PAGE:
Journey on Appalachian Trail provides challenges, mental break for recent grad.
Jim Kwon and his mother take a selfie in front of the Blue Ridge Mountains.
Jim Kwon ’14 spent much of his time in college in front of computer screens working out algorithms for research on diseases affecting millions of people.
As he prepared to study neuroscience in graduate school, Kwon realized he would probably spend the rest of his life immersed in technology.
He knew he needed a break first.
Two days after Commencement this spring, Kwon and his mother, who was visiting from South Korea, started hiking south on the Appalachian Trail. Their goal was to reach Georgia, where Kwon would begin his graduate studies at Emory University.
The hike was Kwon’s opportunity to look inward. “I will get to know myself a little more and have a relaxed, natural life for a month,” he said during the first day of his journey.
Kwon’s interest in research began when he was a first-year student. A friend introduced him to Katrin Schenk, a physics professor, who told him about her research projects.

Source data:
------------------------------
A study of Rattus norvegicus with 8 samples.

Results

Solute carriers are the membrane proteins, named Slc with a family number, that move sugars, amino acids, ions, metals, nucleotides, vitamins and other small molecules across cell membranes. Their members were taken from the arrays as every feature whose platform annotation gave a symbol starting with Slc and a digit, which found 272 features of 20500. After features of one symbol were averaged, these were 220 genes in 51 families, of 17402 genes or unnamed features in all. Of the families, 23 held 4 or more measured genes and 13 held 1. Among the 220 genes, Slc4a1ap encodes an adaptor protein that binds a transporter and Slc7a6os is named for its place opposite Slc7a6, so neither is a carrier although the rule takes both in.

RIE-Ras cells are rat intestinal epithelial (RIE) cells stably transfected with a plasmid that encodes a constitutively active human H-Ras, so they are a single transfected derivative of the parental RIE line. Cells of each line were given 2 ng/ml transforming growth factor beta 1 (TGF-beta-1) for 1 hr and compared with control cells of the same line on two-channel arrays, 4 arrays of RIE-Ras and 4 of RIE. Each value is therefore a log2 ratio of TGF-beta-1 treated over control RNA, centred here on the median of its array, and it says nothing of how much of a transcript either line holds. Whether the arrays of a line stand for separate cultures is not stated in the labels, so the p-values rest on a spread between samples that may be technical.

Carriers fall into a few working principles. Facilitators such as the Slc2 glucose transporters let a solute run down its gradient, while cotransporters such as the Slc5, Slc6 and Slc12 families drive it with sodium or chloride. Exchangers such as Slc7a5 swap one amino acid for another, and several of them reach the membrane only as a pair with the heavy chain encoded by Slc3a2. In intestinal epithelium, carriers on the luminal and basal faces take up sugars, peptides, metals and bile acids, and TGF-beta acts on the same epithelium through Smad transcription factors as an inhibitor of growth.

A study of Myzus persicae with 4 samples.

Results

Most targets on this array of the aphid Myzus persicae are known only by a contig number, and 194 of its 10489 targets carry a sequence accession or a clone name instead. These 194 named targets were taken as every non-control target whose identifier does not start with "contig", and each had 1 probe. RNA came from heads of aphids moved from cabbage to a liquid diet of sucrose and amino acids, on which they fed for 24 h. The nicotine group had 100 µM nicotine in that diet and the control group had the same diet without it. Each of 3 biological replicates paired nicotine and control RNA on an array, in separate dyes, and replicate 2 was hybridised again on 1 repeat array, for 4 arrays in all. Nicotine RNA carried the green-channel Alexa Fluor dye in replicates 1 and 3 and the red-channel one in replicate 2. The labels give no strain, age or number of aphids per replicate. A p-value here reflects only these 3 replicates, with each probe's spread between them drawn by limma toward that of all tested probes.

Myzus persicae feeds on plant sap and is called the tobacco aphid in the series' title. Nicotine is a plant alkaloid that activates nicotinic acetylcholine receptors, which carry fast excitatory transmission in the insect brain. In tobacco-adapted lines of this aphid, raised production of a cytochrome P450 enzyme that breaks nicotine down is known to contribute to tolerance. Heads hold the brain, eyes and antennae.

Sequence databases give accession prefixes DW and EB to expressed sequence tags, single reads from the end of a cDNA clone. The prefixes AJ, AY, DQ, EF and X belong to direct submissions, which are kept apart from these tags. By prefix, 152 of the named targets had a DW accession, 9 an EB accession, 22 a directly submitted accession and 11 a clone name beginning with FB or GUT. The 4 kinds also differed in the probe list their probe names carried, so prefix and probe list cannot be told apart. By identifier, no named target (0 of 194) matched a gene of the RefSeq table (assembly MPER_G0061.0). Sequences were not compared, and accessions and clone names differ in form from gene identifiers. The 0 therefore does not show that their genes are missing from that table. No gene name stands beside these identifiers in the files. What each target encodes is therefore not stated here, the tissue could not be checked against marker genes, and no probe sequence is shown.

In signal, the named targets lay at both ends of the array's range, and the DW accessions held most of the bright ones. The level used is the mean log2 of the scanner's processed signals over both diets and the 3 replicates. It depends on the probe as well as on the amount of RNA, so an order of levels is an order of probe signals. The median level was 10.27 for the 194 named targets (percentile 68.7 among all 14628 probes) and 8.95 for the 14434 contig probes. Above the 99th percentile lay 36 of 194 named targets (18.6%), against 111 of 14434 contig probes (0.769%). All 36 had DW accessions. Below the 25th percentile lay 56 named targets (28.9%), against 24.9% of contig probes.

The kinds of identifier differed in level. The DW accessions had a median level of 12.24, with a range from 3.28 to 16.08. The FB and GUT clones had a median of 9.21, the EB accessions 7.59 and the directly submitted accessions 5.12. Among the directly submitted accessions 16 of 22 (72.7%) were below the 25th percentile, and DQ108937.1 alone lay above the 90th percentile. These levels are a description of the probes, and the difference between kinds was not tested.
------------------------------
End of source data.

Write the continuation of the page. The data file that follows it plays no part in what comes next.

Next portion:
“I didn’t know what research was at that point,” Kwon remembered. “I did not understand half the things she was saying, but she was talking with so much passion that I thought that might be something I could get involved with.
“It turns out that research is exactly what I wanted to do my whole entire life,” he said. “I’m decent at it, and it’s fun.”
Working with Schenk, as well as collaborators at other universities, Kwon developed algorithms that interpret data from smartphone sensors to track a person’s physical activity. His contributions are being used in research on Alzheimer’s disease, diabetes, and bipolar disorder.
“I really feel like we’re having an impact on a lot of people’s lives,” Kwon said.
Schenk considers Kwon a success of Randolph’s research program. “If you start students in original research that’s really substantial, that really excites them, they can really reach high levels by the time they graduate,” she said.
One of the biggest things science students learn is to adapt to experiments and results that don’t go their way. As Kwon experienced first-hand, those lessons apply to real-life as well.
His hike was cut short after he suffered more than 100 bug bites, which caused a severe reaction that required a week off the trail for antibiotic treatment. But he was undeterred. Once he recovered, they hiked more than 300 miles of trails in Virginia until they reached the Tennessee border.
Kwon said the hike served its purpose. “It gave me time to think about myself and enjoy nature without any pressure from a deadline or a to-do list,” he said.
Since beginning school at Emory, he has researched mouse vocalization and crustacean nervous systems. “The thing I like about research is that I get to use the stuff that I have learned, which is really exciting for me,” Kwon said.